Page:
Welcome to our latest fortnightly eBulletin, posted here on 8 August 2017. In this issue:
Emerald is 50 in 2017 and their new bookstore website brings their brand messaging bang up to date. This is an academic publisher to watch right now, astutely positioning themselves as retaining the ‘old values’ of putting authors and content at the heart of everything they do. There’s lots to admire here, and I especially like the completely new books author hub with a range of useful guides and plenty of real contacts to support their messages about people at the heart of the business.
The Why Publish with Us? page includes an impressive new author guide too.
Explore Emerald’s new website for yourself.
Emerald’s Laura Ingle is co-tutor on our Academic Marketing Workshop. If you’d like to hear more about Emerald’s marketing (and pick Laura’s brains!), why not join us on our next London date of 5 October?
That it is good practice to send welcome emails to new subscribers is hardly news. What I like about this new guide from Pure360 is that it’s short and snappy, with lots of practical tips it’s good to be reminded of, and illustrated with plenty of examples. They’re not from publishing but there are lovely elements that we could all learn from.
Read more and download on the Pure360 website.
Our Email Marketing Workshop is the place to be if you’d like your best practice perfectly tailored to publishing.
Thanks to a participant on our last Copywriting Workshop in London for this observation. We’d been talking about the importance of word association in copy, specifically avoiding words with negative connotations, and they pointed out that the word encyclopedia may have become devalued due to the prevalence of Wikipedia. This hadn’t occurred to me before but I’m positive they were right and it will affect the way I promote encyclopedias in the future.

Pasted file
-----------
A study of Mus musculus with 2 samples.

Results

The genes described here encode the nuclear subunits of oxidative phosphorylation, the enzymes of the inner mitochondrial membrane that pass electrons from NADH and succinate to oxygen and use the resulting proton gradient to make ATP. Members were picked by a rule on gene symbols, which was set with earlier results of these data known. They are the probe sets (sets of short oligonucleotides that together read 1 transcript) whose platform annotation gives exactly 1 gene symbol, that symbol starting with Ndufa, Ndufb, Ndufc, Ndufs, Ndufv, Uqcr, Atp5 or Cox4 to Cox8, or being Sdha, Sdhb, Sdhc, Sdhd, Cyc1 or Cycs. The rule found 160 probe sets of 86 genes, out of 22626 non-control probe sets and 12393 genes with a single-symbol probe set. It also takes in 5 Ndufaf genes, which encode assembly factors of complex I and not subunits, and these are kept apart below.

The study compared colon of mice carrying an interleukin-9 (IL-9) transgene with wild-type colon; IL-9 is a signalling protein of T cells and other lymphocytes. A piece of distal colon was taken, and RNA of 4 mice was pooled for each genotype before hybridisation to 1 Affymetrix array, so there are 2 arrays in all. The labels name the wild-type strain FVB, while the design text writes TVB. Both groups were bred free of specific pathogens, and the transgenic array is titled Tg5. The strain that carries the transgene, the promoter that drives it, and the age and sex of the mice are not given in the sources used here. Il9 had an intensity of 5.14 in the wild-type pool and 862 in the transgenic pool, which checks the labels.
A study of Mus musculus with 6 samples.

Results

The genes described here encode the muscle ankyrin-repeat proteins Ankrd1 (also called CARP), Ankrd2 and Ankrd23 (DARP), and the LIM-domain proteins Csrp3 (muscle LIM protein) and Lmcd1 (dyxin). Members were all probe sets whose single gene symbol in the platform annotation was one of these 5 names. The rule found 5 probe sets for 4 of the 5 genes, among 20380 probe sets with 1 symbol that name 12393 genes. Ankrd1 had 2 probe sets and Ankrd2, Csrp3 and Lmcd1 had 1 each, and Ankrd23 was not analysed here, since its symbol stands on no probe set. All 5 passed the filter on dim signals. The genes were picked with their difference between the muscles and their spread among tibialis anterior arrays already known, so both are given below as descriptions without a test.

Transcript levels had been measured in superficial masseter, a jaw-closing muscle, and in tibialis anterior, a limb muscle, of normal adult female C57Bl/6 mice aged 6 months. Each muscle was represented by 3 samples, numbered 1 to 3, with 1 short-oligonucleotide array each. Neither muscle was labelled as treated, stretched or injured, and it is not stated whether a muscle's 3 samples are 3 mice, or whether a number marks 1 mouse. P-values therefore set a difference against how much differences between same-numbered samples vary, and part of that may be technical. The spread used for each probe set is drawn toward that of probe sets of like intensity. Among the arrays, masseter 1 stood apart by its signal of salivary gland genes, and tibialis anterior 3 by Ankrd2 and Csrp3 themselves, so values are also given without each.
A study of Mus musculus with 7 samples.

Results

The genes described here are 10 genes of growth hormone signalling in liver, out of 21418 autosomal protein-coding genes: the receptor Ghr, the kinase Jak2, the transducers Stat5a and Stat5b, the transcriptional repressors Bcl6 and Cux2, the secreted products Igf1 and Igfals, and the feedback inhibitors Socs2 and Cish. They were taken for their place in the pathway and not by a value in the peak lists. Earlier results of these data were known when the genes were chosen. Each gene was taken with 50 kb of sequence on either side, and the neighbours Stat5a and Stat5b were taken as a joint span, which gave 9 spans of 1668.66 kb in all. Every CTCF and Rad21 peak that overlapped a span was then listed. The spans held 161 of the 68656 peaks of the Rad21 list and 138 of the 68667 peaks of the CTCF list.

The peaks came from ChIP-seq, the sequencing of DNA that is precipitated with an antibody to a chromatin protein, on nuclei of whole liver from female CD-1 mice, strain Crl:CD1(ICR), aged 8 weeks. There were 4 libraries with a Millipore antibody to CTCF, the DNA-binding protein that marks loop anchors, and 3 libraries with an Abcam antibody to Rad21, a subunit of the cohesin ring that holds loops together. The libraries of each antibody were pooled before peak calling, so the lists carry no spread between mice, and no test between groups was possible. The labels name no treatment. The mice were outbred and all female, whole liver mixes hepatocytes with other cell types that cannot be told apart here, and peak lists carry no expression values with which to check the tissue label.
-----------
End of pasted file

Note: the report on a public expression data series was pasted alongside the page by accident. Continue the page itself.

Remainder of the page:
Talking of word association, I saw a reference to ‘solid, research-based approach’ in copy last week. If solid conjures up unfortunate images for you too then maybe it’s time to ban it from our copy. ‘Impressive’, or even ‘rigorous’ would both have worked as alternatives here.
If this has got you thinking, why not join us on our next Copywriting Workshop, in London on 3 October?
As Oliver Burkeman points out in this recent article in The Guardian, we all ‘trundle through life giving scripted responses’. Yet break away and say something different and everything changes. When someone on the street asks ‘can you spare 17 cents?’ they do better than if they say ‘can you spare any change?’ This reminds me of supermarket Asda’s policy of charging seemingly random prices (£3.86 rather than £3.99) because it suggested that they really did set the best prices they could for their customers. Not seeing the predictable makes you sit up and pay attention again.
The tip (and the challenge) is how to ring the changes in our copy whilst still ensuring that the message is instant for the reader.
Read Burkeman’s thought-provoking article (fascinating examples) on The Guardian website.